In Color Theory Part I we introduced some basic color terminology and the color wheel. Now the fun part, color relationships. This article introduces some basic concepts in how to combine colors for knitters (and non-knitters too!).
You can find Part I over here.
Usually, the knitter plays with color through yarn choice. Unlike a painter, who blends pigments together to make new colors, or a digital artist who selects from a palette of millions, the knitter chooses colors from a pre-defined yarn palette and create relationships by placement and proportion of color. There are some exceptions: you can dye or over dye your yarn. You can hold multiple strands together, making the illusion of a new blend. And Lorraine Smith shows us the excercise of using “primary” fibers dyed cyan, magenta, yellow and black, carded together to create a new color.
Color relationships (sometimes called interactions or contrasts) are both scientific and mystical. You can study the wavelengths of two hues, the way they are received by the eye and interpreted by the brain. On the other hand, you can look at a color combination and react emotionally or instinctively, knowing or feeling that something is cheerful, comforting, gloomy, or even nauseating. That’s the power of color.
Combining colors can be an infinite exercise. (Josef Albers anyone?) But knitting is time-consuming, so we prefer to experiment with winning relationships.
You can arrange your yarn colors in skein form, but don’t forget that the effect of color relationships has a lot to do with proportion and placement, so swatch your color combinations too.
Beautiful combinations to try in knitting
Here are some basic relationships to get us started. I’m using pure hues here to best demonstrate the concepts, but don’t worry, you can use these same concepts with neutral shades and tints too. Stay tuned for more on neutrals in Color Theory Basics: Part III.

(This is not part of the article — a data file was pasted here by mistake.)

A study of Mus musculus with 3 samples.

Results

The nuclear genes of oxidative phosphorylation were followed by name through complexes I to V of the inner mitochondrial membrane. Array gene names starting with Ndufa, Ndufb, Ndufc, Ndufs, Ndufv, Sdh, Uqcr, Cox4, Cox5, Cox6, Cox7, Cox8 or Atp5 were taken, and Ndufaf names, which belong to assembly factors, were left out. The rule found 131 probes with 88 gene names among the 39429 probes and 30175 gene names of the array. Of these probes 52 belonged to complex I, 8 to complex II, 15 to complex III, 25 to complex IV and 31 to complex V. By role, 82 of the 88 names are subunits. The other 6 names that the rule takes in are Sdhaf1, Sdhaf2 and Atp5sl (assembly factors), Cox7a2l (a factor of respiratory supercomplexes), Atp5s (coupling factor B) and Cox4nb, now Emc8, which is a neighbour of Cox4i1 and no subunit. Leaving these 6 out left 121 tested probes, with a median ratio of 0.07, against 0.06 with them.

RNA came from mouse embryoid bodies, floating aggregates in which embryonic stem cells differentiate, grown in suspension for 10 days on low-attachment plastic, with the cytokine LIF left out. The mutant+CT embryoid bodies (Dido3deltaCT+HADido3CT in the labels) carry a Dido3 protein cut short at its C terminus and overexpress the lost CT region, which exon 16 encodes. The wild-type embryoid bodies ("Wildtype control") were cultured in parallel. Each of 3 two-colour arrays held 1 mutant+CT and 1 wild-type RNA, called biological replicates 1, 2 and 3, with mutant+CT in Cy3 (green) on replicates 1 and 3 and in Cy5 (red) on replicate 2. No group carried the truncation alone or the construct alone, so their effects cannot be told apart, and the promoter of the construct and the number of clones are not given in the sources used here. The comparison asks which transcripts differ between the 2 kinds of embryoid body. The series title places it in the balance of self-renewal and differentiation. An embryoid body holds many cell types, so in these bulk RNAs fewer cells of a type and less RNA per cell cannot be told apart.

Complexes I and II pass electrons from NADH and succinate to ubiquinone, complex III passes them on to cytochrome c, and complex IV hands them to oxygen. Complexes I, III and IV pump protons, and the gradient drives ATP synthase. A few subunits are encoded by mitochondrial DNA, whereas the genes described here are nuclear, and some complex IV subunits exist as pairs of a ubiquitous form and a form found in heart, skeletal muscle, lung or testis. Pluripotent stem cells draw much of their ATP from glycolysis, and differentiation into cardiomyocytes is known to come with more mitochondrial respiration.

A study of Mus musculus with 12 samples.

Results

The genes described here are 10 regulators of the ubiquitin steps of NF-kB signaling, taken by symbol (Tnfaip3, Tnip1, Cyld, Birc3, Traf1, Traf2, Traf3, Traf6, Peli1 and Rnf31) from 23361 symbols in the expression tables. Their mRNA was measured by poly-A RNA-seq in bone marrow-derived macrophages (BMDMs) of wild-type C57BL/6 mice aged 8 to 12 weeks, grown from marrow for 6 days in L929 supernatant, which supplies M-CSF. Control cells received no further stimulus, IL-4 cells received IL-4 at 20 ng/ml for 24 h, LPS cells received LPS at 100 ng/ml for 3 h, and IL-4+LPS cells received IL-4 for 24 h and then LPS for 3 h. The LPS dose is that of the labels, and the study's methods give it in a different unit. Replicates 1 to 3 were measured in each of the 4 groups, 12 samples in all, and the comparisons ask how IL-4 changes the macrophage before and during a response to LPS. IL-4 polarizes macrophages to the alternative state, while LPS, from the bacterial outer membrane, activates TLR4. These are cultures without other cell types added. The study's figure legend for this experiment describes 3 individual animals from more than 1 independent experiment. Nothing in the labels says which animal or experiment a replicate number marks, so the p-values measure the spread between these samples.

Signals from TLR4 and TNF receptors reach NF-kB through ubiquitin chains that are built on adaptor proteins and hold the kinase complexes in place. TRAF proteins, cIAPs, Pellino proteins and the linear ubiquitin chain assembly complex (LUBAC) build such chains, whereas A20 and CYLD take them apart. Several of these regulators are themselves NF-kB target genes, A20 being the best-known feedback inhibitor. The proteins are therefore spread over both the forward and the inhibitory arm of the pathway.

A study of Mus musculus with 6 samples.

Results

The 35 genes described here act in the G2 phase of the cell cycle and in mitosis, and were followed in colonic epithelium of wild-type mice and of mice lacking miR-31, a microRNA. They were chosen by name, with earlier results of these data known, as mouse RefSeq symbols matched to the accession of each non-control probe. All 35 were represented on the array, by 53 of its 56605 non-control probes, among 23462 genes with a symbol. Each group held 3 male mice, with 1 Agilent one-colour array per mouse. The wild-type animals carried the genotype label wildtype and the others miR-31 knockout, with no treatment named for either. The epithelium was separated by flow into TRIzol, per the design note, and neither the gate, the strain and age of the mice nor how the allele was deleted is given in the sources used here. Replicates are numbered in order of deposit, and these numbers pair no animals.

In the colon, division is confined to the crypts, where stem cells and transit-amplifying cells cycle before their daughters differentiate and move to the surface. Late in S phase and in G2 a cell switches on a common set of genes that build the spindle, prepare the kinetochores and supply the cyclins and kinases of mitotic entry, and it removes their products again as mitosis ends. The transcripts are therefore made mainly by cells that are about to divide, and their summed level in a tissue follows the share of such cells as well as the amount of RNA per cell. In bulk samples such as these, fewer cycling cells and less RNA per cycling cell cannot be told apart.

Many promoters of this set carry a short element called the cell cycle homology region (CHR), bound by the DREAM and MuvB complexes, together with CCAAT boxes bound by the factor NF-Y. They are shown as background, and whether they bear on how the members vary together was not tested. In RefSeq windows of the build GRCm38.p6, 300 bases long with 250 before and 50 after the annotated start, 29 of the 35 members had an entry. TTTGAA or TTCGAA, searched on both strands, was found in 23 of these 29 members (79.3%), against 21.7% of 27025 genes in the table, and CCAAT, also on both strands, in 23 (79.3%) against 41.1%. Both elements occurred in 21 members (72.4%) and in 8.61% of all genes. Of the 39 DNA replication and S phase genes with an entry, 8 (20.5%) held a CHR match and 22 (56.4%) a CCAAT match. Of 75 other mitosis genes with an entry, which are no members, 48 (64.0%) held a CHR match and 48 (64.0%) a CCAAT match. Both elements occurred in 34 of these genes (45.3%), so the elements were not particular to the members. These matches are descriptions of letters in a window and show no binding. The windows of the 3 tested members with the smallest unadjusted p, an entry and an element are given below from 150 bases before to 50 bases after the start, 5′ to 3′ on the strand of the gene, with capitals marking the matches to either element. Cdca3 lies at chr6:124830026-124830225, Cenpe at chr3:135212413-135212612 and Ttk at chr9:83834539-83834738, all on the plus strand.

A monochromatic color scheme (like the one at the top of the page) uses one hue. This may sound boring, but can yield the most elegant combinations. A monochromatic scheme can include tints and shades of a color. In knitting, you can play with adding small pops of contrasting color to a monochromatic scheme for high impact. For example, try adding a saturated lime green or warm gold to a neutral scheme in shades of grey.
An analogous color scheme uses colors that lie next to each other on the colour wheel. Since they share color properties, they are guaranteed to get along. Analogous schemes are low contrast and rich.
These colors lie opposite each other on the color wheel. Complementary combinations can be quite striking. If you use undiluted pure hues, complementary combinations are generally quite cheerful. If you use complementary tints, the result is easy and pleasing. (Think of Easter eggs: pale yellow and mauve; pale peach and blue; mint and pink). But be careful, colors that are not directly opposite each other can create jarring optical effects.
A split complementary is similar to complementary, but one color is combined, not with its direct opposite, but the colors that lie on either side of its opposite. This combination is quite complex when you start adding tints and shades, and can yield sophisticated palettes.
A triad scheme uses three colors equidistant from each other on the color wheel. Like complementary schemes, triads tend to be quite cheerful and pleasing when using pure hues or tints.